Place:Mappowder, Dorset, England


Alt namesMapledresource: Domesday Book (1985) p 94
Coordinates50.85°N 2.367°W
Located inDorset, England
source: Getty Thesaurus of Geographic Names
source: Family History Library Catalog

the text in this section is copied from an article in Wikipedia

Mappowder is a village and civil parish in the county of Dorset in southern England. It lies within the North Dorset administrative district, approximately south-east of the town of Sherborne. The parish covers about at an altitude of . It is sited on Corallian limestone soil at the southern edge of the Blackmore Vale, close to the northern scarp face of the Dorset Downs. In the 2011 census the parish had 71 dwellings, 69 households and a population of 166.

The village name comes from mapuldor, Old English for 'maple tree'. In 1086 in the Domesday Book Mappowder was recorded as Mapledre; it was in Buckland Newton Hundred, had 33.3 households and the lord and tenant-in-chief was Bolla the priest.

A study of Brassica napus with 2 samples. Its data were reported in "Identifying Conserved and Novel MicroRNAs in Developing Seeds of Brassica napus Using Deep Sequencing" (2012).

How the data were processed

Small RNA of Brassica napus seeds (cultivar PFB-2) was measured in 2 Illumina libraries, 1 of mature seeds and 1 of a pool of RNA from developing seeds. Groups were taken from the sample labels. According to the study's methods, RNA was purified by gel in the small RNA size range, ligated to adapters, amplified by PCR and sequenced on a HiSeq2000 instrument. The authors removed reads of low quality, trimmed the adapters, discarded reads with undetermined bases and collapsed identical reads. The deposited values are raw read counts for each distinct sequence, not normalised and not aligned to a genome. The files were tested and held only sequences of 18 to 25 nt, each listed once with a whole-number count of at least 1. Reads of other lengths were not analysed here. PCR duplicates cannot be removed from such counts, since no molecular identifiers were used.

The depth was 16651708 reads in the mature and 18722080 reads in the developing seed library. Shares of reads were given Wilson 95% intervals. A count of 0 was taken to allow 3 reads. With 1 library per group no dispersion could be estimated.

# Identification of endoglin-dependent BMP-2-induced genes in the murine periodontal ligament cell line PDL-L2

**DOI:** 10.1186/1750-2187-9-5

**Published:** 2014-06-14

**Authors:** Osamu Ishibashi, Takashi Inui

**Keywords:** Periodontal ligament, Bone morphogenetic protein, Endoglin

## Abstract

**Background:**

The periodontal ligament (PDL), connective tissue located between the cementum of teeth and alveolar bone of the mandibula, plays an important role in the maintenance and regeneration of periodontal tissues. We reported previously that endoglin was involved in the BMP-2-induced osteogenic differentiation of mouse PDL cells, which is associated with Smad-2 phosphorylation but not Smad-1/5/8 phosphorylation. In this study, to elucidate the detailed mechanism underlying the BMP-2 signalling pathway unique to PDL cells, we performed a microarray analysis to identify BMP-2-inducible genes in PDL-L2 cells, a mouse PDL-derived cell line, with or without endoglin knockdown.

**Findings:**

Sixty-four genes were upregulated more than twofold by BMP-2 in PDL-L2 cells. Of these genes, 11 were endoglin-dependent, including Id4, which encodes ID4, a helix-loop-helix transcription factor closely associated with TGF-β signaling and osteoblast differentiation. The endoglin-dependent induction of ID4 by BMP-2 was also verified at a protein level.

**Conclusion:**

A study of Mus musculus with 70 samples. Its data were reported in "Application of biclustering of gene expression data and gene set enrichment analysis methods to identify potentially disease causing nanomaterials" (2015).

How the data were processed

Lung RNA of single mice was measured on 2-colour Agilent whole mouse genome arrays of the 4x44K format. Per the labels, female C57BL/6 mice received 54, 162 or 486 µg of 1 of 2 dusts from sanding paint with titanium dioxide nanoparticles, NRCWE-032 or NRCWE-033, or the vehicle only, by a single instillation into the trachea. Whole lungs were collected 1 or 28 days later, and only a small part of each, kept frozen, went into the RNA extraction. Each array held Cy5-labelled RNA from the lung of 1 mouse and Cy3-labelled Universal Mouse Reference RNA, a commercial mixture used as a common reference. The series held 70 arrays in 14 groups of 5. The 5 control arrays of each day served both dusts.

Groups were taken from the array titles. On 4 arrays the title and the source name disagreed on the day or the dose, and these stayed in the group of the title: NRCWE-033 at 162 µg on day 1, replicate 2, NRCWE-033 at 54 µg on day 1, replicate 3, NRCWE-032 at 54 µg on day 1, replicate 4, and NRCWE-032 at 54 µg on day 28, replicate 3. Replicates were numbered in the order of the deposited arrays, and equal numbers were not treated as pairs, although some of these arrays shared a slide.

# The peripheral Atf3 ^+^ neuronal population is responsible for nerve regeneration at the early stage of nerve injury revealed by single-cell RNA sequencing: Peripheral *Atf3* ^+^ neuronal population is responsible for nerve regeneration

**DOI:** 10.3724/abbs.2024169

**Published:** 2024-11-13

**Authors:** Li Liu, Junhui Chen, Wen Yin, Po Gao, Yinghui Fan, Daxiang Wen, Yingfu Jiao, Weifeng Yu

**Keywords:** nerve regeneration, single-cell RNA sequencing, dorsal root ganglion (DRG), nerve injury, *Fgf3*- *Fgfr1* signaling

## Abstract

The church, dedicated to St Peter & St Paul, is Perpendicular and was built in the late 15th and 16th centuries. However, it includes features remaining from an earlier 12th-century church. The chancel was expanded in 1868 by the Wingfield Digby family of Sherborne Castle, who owned the village in Victorian times.

Mappowder was once the home of the Coker family, who built a large mansion here in 1654, although this was pulled down in the mid-eighteenth century. The building which occupies the site now, Mappowder Court, is mostly of mid-eighteenth-century origin, with some earlier remnants. The stone gateposts at the entrance remain from the original Coker manor; these are topped by carved human heads which in 1905 Sir Frederick Treves described as "Blackamore's", these being "those indefinite natives of the tropics having been used for the crest of the Coker family."[1] In 1559 Henry Coker (c.1528–1596) was member of parliament for the constituency of Shaftesbury. Mappowder Court is listed by English Heritage as Grade II*,[2] with the gateposts and courtyard walls as Grade II.

Novelist and short story writer Theodore Francis Powys lived in Mappowder for the last 13 years of his life; he died and was buried here in 1953.